Samsung: Our foldable phone could be unveiled by November, 'It's time to deliver'

Samsung once again teases world's first foldable smartphone with flexible display.
Written by Liam Tung, Contributing Writer

Samsung has teased the idea of a foldable smartphone with a flexible display for years, but the company may finally come good on the concept this November.

With Huawei also gunning to be first with a foldable phone, Samsung mobile's president DJ Koh in August said it wasn't OK with idea of losing the "world's-first title" to its fast-growing Chinese rival, which is now the world's second-largest smartphone maker.

Samsung's timeline on a foldable smartphone has shifted since it first floated the idea in 2016. Last year it said the foldable phone -- sometimes referred to as the Galaxy F -- would be unveiled in 2018, but subsequently delayed the date to 2019.

But Koh has now told CNBC that the phone could be unveiled in November. The problem for consumers keen on buying one is that it will be unveiled at the Samsung Developer Conference in San Francisco, so it could still be some time before it's available to the public.

However, unveiling the device at the conference would still give Samsung the right to claim it had launched the world's first foldable phone.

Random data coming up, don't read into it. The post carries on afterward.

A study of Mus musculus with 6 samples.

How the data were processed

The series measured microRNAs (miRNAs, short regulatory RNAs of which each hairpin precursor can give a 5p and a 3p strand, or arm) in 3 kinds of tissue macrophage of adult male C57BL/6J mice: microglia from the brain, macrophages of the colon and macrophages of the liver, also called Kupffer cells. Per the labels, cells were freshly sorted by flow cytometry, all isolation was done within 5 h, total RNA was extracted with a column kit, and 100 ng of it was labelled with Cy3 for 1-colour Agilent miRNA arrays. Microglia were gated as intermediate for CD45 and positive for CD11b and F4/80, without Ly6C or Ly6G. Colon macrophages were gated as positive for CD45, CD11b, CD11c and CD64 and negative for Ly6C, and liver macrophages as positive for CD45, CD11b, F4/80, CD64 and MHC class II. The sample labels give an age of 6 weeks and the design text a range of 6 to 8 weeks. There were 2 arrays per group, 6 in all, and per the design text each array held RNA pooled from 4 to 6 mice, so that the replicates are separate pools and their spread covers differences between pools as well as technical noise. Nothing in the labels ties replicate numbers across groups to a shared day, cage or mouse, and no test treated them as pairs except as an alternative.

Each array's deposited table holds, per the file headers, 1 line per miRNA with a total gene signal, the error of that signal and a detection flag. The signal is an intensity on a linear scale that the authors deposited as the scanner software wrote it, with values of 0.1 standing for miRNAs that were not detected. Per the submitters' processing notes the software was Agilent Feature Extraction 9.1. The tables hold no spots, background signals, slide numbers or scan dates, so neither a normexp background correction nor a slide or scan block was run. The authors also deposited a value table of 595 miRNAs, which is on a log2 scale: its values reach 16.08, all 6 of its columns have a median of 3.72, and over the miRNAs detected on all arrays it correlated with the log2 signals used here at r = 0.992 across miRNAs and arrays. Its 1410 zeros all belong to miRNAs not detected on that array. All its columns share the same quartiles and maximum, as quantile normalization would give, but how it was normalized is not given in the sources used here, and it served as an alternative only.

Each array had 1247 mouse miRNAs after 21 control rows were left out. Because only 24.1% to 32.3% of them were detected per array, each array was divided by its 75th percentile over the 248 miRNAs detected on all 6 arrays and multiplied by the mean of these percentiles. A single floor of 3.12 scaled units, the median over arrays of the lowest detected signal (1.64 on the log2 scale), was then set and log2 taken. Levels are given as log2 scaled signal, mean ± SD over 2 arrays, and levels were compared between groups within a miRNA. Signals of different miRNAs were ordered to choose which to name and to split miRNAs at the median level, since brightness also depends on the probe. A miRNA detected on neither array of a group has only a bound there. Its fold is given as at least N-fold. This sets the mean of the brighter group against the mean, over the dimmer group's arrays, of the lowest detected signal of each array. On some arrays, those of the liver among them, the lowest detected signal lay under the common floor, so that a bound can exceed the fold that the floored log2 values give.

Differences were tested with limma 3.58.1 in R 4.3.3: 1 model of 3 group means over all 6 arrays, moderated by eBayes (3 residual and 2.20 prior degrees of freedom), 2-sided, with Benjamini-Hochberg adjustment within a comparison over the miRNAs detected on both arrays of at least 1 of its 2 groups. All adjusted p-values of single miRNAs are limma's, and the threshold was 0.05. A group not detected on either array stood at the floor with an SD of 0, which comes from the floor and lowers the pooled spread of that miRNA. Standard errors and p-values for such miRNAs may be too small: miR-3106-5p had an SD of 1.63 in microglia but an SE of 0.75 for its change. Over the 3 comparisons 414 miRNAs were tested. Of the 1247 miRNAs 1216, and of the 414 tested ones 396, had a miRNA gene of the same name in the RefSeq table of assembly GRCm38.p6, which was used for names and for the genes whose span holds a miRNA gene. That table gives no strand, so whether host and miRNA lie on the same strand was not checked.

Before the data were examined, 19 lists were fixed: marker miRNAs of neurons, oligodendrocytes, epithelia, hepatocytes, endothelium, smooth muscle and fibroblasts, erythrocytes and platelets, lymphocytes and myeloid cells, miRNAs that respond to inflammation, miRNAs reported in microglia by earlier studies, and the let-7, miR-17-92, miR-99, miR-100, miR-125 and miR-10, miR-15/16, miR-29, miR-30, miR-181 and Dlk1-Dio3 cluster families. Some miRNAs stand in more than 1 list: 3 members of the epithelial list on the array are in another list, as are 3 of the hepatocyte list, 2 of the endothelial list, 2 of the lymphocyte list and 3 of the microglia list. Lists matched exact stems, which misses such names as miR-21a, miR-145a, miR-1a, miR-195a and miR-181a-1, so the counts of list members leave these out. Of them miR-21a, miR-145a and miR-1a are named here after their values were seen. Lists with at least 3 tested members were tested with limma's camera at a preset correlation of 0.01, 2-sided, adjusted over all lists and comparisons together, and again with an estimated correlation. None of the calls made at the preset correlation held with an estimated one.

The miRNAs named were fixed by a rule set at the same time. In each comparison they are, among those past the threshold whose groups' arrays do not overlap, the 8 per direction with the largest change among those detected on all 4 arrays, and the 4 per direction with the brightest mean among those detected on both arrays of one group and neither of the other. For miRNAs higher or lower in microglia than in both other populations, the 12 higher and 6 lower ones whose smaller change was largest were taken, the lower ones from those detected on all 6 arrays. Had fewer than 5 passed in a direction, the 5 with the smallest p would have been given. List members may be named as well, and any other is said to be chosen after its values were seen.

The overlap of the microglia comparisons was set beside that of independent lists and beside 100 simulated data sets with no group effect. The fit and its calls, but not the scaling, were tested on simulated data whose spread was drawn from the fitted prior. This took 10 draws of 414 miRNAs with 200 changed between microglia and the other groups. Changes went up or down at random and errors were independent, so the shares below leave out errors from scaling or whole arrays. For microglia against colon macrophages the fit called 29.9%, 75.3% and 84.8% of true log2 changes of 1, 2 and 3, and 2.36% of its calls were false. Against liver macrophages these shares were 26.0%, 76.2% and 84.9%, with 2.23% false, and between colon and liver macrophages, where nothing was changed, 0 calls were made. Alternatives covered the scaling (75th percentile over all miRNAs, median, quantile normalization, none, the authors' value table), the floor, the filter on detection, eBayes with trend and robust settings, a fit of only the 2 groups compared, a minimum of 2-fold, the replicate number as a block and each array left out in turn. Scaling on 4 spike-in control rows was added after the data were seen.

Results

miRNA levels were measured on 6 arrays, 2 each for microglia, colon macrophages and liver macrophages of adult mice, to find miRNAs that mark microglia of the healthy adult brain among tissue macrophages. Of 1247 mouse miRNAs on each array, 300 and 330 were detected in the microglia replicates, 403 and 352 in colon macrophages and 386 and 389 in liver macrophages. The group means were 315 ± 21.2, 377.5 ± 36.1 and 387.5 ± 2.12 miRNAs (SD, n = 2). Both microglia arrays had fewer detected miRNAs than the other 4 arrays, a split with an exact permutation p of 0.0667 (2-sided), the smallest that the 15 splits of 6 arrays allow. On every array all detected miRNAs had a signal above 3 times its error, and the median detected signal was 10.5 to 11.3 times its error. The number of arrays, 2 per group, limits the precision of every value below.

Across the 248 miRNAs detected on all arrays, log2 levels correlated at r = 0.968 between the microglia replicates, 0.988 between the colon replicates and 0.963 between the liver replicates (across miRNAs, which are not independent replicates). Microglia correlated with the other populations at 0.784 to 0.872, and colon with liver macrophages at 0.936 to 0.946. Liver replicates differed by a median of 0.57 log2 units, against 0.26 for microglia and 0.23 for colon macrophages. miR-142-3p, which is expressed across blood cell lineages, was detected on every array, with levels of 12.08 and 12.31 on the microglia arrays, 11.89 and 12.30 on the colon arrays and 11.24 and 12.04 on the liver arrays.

Koh doesn't reveal any specifics of the design or functionality. However, when asked why consumers would want the device if in its unfolded state the experience was the same as a tablet, he said the company needs to come up with a design that makes people think, "Wow, this is the reason Samsung made it."

The other question is price. Some analysts expect the phone will cost about $1,850 retail based on the assumption it will have a 7.3-inch OLED screen when open, and a 4.5-inch screen when folded.

Samsung is under pressure to make a phone that stands out, as worldwide sales continue to fall at the same time as Chinese vendors Huawei, Xiaomi, and Oppo gain market share by bringing premium features to lower-priced phones.

Following soft sales of the Galaxy S9, the company this week revealed it would look to polish up its mid-tier range by delivering new innovations to them first as well as accelerating that tier's release cycle to more than once per year.